This morning I was looking through a recipe book that was written during the First World War like this one. It contained a number of meatless recipes that are designed to serve as a substitute when you were short of meat. One thing I like about these recipes is that they were not soy-based and with a little imagination, could be easily modified to fit the supplies that you have available.
- 1-cup cooked hominy
- ½-cup nuts
- 1-tablespoon corn syrup
- 1-teaspoon of salt
- -teaspoon of pepper
- 1-tablespoon melted fat
Mix and roll in dried breadcrumbs and bake in oven for 20 minutes
- 1 cup soaked and cooked peas, beans, lentil, or lima beans, your choice.
- ½ cup dried breadcrumbs
- ¼ cup fat or oil
- ½-teaspoon salt
- 1-teaspoon sage
Mix and shape as sausage. Roll in flour and fry. As you can see from the meatless sausage recipe, you can substitute almost any legume in the recipe.
Rice and Nut Loaf
- 1-cup boiled rice or potatoes
- 1-cup peanuts
- 2/3-cup dried breadcrumbs
- ¾-cup milk, can be powdered
- 2-teaspoons salt
- 1/8-teaspoon pepper
- 1/8-teaspoon cayenne
- 2-tablespoons fat or oil
Mix well. Bake in greased pan for 30 minutes
You will notice that in these old cookbooks they do not give temperatures like in the new ones, because so many people were still cooking on wood or kerosene stoves just as they did back in pioneer days, as I discussed in this article.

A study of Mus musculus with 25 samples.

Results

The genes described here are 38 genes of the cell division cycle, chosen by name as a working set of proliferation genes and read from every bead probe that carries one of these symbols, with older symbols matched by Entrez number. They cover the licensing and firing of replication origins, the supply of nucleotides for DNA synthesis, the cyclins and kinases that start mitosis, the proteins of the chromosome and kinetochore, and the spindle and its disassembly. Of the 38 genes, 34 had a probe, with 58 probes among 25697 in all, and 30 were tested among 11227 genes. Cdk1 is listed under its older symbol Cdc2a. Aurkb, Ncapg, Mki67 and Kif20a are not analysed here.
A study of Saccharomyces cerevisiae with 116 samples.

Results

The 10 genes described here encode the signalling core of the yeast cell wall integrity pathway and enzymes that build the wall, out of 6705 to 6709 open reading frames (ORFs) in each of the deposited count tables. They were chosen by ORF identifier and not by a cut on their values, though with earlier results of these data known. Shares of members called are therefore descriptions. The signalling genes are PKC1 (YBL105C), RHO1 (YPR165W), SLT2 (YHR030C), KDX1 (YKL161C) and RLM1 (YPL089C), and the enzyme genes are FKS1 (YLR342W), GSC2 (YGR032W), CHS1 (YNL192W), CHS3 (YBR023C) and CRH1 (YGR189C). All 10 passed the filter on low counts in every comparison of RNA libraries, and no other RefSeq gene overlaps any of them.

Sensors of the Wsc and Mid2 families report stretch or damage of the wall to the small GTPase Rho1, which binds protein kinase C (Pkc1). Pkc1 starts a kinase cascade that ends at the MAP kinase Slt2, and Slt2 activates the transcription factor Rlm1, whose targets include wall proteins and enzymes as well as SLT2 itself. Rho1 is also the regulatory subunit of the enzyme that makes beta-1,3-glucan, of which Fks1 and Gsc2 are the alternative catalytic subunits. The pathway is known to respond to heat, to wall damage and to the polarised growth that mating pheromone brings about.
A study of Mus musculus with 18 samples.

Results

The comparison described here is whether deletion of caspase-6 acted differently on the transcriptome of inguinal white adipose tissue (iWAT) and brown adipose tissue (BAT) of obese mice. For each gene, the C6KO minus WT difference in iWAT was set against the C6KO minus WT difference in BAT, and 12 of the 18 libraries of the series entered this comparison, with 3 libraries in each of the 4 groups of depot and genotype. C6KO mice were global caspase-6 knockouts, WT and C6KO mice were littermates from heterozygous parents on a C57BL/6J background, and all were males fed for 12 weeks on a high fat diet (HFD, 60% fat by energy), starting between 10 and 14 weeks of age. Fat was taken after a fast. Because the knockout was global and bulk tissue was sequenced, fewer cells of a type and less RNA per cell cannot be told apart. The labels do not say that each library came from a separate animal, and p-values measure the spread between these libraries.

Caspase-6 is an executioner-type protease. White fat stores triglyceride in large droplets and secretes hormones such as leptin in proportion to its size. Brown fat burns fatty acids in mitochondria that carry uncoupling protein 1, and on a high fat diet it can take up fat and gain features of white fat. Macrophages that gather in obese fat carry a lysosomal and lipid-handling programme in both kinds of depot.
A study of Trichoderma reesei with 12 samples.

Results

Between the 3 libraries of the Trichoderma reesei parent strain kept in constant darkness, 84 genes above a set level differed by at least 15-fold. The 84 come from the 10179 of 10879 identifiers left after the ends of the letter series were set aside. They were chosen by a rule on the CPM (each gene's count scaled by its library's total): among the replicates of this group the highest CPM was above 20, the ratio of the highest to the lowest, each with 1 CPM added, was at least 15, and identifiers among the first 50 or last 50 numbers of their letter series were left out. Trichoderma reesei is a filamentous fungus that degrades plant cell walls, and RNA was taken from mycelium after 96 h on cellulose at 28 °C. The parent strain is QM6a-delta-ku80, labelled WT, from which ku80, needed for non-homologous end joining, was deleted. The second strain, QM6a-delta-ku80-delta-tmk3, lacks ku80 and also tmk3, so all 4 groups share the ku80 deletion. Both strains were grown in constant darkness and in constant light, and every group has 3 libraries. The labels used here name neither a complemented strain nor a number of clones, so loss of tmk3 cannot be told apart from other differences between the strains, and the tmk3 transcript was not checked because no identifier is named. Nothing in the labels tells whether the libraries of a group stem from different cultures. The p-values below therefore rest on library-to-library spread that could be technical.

I am always looking for good meatless recipes. It is not because I don’t like meat, but because I feel that there are situations where they can be in short supply.
8 thoughts on “Meatless Recipes for Hard Times”
Women and quite possibly men knew how to use cooking equipment without controls. If we would just stop and think, we would not need directions for controls in every recipe. What I mean is that many things cook at 350 F degrees in the oven. We already know how to cook in a skillet, so indicating the exact stove eye setting is not something many people need. Of course, I do know people that could not fry a piece of bologna without specific instructions.
Not using soy is a plus for me.
So I went looking for the book you referenced and found this book from Project Gutenberg. Foods That Will Win the War And How to Cook Them.
It contains 47 recipes for the making of war breads; 64 recipes on low-cost meat … 54 recipes for sugarless desserts; menus for meatless and wheatless days, …… The American woman has her share in this great world struggle, and that is the …
The recipe for Hominy Croquettes looks interesting. I’m in Australia what is Hominy. I have never heard of it. It might be another name for beans I have already
Your Link to the Gutenberg Project does not point at the book you talk about.
How do I subscribe to the blog? These are great & useful articles. Thanks!
So, where is the recipe for the photo?
This link has the downloads for the referenced book:
“Foods That Will Win the War And How to Cook Them”
I’m vegetarian… these look great! Have you tried them yet?